Updated on Wednesday, June 29, 2022.
Choosing to live in a rural area comes with more space, cleaner air and a closer-knit community. And now, with new rural broadband options, you don’t need to sacrifice internet quality to live where you want.
There’s a growing demand for high-speed internet – making it essential for everyone living anywhere. A powerful connection simply improves the quality of life for people, especially for folks living in widespread areas. The internet not only connects homes to the world, but it can also amplify schooling with online learning opportunities and empower businesses by making new technology possible.
Technology is ever-changing, making a strong case for telecommunications companies to bridge the digital divide. From health care to small family farms and ranches, a more reliable internet connection supports innovation and helps communities thrive.
Top 3 Internet Options for Rural Areas
There are three ways to connect to the internet if you live in a rural area. You can access the internet through a fixed wireless connection, DSL (digital subscriber line) or satellite. There are pros and cons to each method – here is how each option stacks up against the other.
What is fixed wireless internet?
Midco Fixed Wireless Internet relies on wireless signals and antennas. Equipment is placed on the top of a water tower, grain elevator or other tall structure that is connected to the Midco fiber network. Then, an antenna on your home or business points directly to that equipment (not to the sky) and delivers high-speed internet using point-to-multi-point signals.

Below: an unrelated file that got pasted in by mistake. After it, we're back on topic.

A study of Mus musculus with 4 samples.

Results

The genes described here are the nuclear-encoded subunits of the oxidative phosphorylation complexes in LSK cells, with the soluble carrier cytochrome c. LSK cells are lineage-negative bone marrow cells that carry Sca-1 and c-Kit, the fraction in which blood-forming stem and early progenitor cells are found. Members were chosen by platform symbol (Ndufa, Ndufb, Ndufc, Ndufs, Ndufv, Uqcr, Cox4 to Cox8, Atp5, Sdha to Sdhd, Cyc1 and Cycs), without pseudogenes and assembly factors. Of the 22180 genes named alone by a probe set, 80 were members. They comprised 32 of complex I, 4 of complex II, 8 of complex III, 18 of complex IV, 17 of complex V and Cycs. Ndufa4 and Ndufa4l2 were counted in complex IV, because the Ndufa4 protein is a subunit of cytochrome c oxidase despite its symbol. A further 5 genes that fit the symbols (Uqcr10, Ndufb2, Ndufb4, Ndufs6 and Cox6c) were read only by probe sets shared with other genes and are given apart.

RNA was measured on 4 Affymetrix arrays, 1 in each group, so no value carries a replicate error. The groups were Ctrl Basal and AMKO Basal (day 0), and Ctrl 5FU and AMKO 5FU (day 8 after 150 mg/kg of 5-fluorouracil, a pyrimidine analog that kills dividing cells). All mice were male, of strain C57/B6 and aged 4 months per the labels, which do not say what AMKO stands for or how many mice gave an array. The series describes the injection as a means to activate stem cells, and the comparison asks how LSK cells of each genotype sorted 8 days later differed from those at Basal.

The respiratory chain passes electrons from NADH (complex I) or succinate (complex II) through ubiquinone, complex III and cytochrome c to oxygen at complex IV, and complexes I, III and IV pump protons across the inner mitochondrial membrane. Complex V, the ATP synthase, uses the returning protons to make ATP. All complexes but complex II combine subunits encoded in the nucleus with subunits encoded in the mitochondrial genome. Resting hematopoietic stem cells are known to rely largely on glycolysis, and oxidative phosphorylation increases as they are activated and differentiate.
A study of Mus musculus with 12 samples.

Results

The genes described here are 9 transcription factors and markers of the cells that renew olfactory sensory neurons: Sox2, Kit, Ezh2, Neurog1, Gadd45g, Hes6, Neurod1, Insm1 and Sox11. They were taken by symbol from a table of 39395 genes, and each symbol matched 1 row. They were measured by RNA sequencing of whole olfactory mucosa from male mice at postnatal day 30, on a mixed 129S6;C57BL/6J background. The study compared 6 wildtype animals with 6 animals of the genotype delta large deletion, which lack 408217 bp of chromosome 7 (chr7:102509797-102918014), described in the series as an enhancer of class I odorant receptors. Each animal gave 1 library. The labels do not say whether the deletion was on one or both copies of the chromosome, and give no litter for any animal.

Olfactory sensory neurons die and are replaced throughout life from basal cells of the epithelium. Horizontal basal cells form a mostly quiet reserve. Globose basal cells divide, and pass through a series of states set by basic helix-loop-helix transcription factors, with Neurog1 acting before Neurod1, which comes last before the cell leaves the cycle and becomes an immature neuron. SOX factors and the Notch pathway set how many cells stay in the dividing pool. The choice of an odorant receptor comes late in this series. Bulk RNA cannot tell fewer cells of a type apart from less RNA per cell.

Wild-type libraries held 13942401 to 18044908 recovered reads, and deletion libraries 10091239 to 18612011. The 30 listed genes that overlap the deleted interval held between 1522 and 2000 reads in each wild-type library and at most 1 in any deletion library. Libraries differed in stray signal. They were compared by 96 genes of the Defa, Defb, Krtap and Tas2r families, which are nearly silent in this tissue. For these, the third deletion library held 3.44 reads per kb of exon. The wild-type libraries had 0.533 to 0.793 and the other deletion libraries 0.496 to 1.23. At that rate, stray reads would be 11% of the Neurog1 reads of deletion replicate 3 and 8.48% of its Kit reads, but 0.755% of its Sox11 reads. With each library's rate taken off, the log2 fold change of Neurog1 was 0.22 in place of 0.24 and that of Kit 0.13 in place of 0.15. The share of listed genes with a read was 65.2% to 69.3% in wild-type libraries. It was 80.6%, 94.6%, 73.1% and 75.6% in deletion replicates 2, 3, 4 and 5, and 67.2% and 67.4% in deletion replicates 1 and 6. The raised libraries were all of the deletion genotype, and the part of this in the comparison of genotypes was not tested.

- Faster than DSL and satellite (up to 100 Mbps download speeds available)
- Add Midco Wi-Fi pods to extend the signal even further.
- Accessible within seven miles of tower or elevated connection point
- Wireless connection without the need for installing additional lines.
- Newer technology backed by our broadband investments
- Local, customer support based out of the Midwest
- No data caps for unlimited use
- Need clear line of sight to equipment. The signal between the antenna and equipment on tower or elevated area can’t be blocked by trees, buildings or other major obstacles.
- Not available for everyone, everywhere. Must be within reach (about seven miles) of Midco equipment.
What is DSL?
DSL, or digital subscriber line, brings about internet services via local phones lines. Since its broadband technology it won’t tie up your phone line (unlike the old-school, dial-up modems). If you have a landline phone connection, DSL is an option that can work for you.
- No new cables are required due to landline phone connection
- No bandwidth sharing with dedicated connection unaffected by others’ internet activity
- Minimal equipment required since an antenna isn’t necessary
- Slower speeds due to today’s technology outpacing the capabilities of DSL
- Required bundling by other companies for customers to also pay for a phone line
- Data caps by other companies resulting in overage charges
- Quality affected by the distance from the local network office or network telephone exchange may affect speeds
What is satellite?
With satellite internet, data travels from an antenna (at your home or business) to a satellite orbiting the earth. Data comes back to you the same way. Satellite internet tends to be slower because of the extra time involved with sending signals thousands of miles into space and back again.
- Available anywhere – making it an excellent option for people living in remote or less accessible areas.
- Need clear line of sight to equipment from antenna of satellite located thousands of miles away
- Weather-related issues that interfere with signal due to surrounding terrain, storms and other weather conditions
- Slower speeds due to higher latency, primarily affecting services that use large amounts of data
- Data caps by other companies to limit usage
Don't compromise on your connection.
Every household, business and community deserve to have fast, reliable internet to connect them to the world. That’s why Midco is investing in bringing fixed wireless technology to more rural areas in the Midwest. See if Midco Fixed Wireless is available for you.